To apply the phrase "an intimate portrait" to a biographical documentary is to wield a white-hot branding iron of critical cliché with nearly sadistic gusto. Nevertheless, the degree of intimacy and the expressiveness of the on-screen portraiture in Scott Hicks's new nonfiction film "Glass: A Portrait of Philip in Twelve Parts," which opens Friday at IFC Center, tempts one to state cliché as simple fact. Shot over 18 months, "Glass" follows the influential modern composer Philip Glass through a little more than a year in his life with a casual honesty and deftly shifting distance that flatter the viewer by not kowtowing to its subject. The release coincides with the recent premiere of the Metropolitan Opera's production of Mr. Glass's landmark 1979 opera, "Satyagraha."
"I was terrified of making something that was just a hagiography of St. Philip," Mr. Hicks said recently. "How boring would that be?" The other source of anxiety for the African-born, Australia-raised director of such well-received films as the fictionalized biopic "Shine" and the Discovery Channel's excellent documentary series, "Submarines: Sharks of Steel," was that on-camera scrutiny would expose too much.
"When you meet someone whose work you admire, you don't necessarily come away feeling better about them," Mr. Hicks said. Though he had become socially acquainted with Mr. Glass prior to filming, the director struggled with "conflicting thoughts going into this film, because I would hate to come out the other end and find that I didn't like Philip anymore." Quite the contrary, one comes away from "Glass" with a singularly vivid sense of Mr. Glass's creative process and personality, and an unvarnished — and at times even disturbing — personal inventory of his family history and current marriage.
When approached by Mr. Glass's manager about doing a documentary project to commemorate the composer's 70th birthday in 2007, Mr. Hicks was adamant about his need for access. "I said to him, 'Look, if Philip will open the doors, I would love to do it. I don't want to make something that's just a reverential retrospective of a grand career.'" During the first night of shooting on location at Mr. Glass's summer home in Nova Scotia, Mr. Hicks received more access than he'd bargained for. While preparing a group meal for his family and guests, Mr. Glass began casually holding forth about his practical relationship with his own work — directly to Mr. Hicks behind the camera.
"It was very disconcerting at first," the filmmaker said. "Philip was making pizza for the family and he started talking to me, which I didn't expect. And part of me was thinking, 'Don't talk to me, I'm a fly on the wall!'"
Like much of "Glass," the composer's complete unselfconsciousness allows the scene itself to organically develop a tension between the literal and the rhetorical in a way that mimics the reassuring symmetry of a scripted dramatic film. "It was more than I could've imagined, that it would start to open up like that," Mr. Hicks said. Cooking with Mr. Glass became "a metaphor," the director said, "that was totally natural to the circumstances. Here's a man chopping onions and crushing garlic and frying things and talking about the ingredients of what goes into making his work."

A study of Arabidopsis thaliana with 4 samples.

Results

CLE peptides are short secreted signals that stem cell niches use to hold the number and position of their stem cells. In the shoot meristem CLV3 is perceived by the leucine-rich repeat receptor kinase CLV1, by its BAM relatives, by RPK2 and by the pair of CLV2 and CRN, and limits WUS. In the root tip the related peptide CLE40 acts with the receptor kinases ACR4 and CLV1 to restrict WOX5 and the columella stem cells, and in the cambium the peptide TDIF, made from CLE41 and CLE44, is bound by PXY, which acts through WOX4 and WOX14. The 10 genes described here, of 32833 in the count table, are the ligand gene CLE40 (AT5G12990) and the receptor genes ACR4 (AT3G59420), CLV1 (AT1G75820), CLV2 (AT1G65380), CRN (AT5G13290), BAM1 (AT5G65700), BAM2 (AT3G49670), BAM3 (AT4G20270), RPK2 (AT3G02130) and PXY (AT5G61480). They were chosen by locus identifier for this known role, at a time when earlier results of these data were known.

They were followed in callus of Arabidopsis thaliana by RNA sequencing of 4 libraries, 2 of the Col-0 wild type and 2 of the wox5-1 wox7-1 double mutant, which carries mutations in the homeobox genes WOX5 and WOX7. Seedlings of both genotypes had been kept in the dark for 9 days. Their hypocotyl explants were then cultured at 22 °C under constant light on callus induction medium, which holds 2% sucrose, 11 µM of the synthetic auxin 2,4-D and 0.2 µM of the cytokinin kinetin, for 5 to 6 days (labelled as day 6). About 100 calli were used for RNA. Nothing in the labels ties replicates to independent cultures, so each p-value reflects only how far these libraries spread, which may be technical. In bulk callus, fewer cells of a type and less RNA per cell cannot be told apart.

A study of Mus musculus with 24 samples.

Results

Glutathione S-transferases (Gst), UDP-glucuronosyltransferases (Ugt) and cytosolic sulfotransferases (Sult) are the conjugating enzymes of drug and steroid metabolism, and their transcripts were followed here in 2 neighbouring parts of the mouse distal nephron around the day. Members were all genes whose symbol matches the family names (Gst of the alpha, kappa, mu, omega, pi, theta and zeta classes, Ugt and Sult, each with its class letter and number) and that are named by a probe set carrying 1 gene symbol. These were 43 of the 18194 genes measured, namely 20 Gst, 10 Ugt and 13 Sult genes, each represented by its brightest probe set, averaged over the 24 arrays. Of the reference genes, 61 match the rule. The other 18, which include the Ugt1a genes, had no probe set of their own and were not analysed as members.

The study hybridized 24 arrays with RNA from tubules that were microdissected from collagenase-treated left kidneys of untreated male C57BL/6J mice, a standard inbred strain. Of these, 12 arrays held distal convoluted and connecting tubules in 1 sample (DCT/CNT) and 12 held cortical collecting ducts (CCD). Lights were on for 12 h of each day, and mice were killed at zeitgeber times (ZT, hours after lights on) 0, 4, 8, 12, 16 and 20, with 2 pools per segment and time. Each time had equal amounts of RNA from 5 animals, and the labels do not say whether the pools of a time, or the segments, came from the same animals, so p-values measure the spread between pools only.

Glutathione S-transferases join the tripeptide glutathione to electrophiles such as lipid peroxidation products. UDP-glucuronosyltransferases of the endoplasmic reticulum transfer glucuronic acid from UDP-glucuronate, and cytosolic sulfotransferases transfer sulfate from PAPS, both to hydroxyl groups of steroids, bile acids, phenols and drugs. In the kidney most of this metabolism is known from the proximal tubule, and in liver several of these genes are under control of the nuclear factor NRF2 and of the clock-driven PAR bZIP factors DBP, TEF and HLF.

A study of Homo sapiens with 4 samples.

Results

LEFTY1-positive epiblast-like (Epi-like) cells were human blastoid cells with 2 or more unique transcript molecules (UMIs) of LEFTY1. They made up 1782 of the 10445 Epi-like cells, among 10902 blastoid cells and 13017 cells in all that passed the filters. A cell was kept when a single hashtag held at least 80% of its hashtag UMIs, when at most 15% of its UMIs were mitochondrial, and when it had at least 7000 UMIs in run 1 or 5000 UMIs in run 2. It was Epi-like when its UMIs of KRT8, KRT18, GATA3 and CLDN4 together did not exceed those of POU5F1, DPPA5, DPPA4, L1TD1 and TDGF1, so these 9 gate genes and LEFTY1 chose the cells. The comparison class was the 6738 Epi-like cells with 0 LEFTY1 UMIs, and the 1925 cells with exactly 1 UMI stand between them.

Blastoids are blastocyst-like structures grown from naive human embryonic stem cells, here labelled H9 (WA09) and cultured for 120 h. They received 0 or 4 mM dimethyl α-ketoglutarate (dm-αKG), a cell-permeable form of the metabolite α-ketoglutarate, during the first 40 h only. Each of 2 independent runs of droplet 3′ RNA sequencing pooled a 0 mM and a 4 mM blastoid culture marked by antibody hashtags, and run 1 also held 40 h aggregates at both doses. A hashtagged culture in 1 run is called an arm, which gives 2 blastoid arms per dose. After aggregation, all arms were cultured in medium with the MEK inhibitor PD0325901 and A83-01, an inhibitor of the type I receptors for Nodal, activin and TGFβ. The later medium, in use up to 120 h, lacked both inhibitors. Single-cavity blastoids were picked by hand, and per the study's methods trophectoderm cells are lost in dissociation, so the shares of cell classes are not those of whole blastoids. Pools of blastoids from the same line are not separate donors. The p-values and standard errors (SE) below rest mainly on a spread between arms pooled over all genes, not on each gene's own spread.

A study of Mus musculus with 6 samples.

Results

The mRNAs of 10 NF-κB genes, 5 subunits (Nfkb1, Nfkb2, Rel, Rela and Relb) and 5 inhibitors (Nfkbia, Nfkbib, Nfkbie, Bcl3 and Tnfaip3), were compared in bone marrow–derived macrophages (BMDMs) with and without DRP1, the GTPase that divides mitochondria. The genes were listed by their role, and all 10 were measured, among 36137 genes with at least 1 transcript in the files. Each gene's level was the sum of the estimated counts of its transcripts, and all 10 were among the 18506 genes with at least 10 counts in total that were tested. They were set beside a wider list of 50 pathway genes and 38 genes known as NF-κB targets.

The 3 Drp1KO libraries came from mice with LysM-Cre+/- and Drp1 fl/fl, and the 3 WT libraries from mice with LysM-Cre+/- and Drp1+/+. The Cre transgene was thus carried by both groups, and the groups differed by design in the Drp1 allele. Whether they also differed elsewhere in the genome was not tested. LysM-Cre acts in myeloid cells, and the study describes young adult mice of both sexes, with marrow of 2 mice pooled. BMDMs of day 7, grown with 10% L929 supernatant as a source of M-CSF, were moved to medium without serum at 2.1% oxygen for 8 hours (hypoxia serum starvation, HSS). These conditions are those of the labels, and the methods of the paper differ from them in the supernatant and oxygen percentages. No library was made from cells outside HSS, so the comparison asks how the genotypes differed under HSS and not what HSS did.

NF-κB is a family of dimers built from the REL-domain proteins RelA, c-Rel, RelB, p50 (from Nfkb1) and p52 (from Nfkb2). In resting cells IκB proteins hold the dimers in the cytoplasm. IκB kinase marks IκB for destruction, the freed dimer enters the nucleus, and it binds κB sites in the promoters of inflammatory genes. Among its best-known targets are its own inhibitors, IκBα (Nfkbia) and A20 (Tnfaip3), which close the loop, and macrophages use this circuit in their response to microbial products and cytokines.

At Mr. Glass's homes in New York and Nova Scotia, and on the road in Europe and Australia, Mr. Hicks was periodically reminded of his high degree of access while shooting. "There are these particular moments where suddenly he has me making the tea or holding the Web cam or whatever it might be because I was in the room," Mr. Hicks said. Never mind that he was in the room operating an HD camera and making a feature film. "It was just his way of being Philip. He treated me the same with or without the camera."
Concurrent with the production of "Glass," Mr. Hicks was also putting finishing touches — including adding a Philip Glass score — on last year's hit romantic comedy "No Reservations." Meanwhile, Mr. Glass was, according to the filmmaker, "writing the scores to three other films including mine." That was, until he received the proverbial offer he couldn't refuse from director Woody Allen to write music for Mr. Allen's most recent film, "Cassandra's Dream." Said Mr. Hicks: "Philip said to me, 'Woody has asked me to write a score.' I said, 'But you're writing my score!'" Mr. Hicks nipped his own professional jealousy in the bud by using Mr. Glass's opportunity as a way to document Mr. Glass at work in Mr. Allen's cutting room. "I said, 'Here's the thing, Philip, can you get me in the room with you and Woody?' And Woody said yes."
Considering the star power of interviewees such as Mr. Allen, filmmakers Errol Morris and Martin Scorsese, artist Chuck Close, musician Ravi Shankar, and others, the net result of Mr. Hicks's 18-month camera safari of an artist in his globe-trotting habitat is surprisingly down to earth. It is also surprisingly inspirational. While searching for additional production funding during and after shooting, Mr. Hicks said, distributors and network executives repeatedly asked the filmmaker, "But what's the conflict?" The source of story tension on display in "Glass: A Portrait of Philip in Twelve Parts" is, in fact, a familiar one. The film is a "look at how somebody is able to synthesize so many elements of their life in a way that we all struggle to do between our work and our family and our recreation and our spiritual world, whatever that may be," Mr. Hicks said. "All of these things demand our attention and time, and most of us have to struggle with it. So does Philip."
Opening Friday at IFC Center (323 Sixth Ave. at West 3rd Street, 212-924-7771).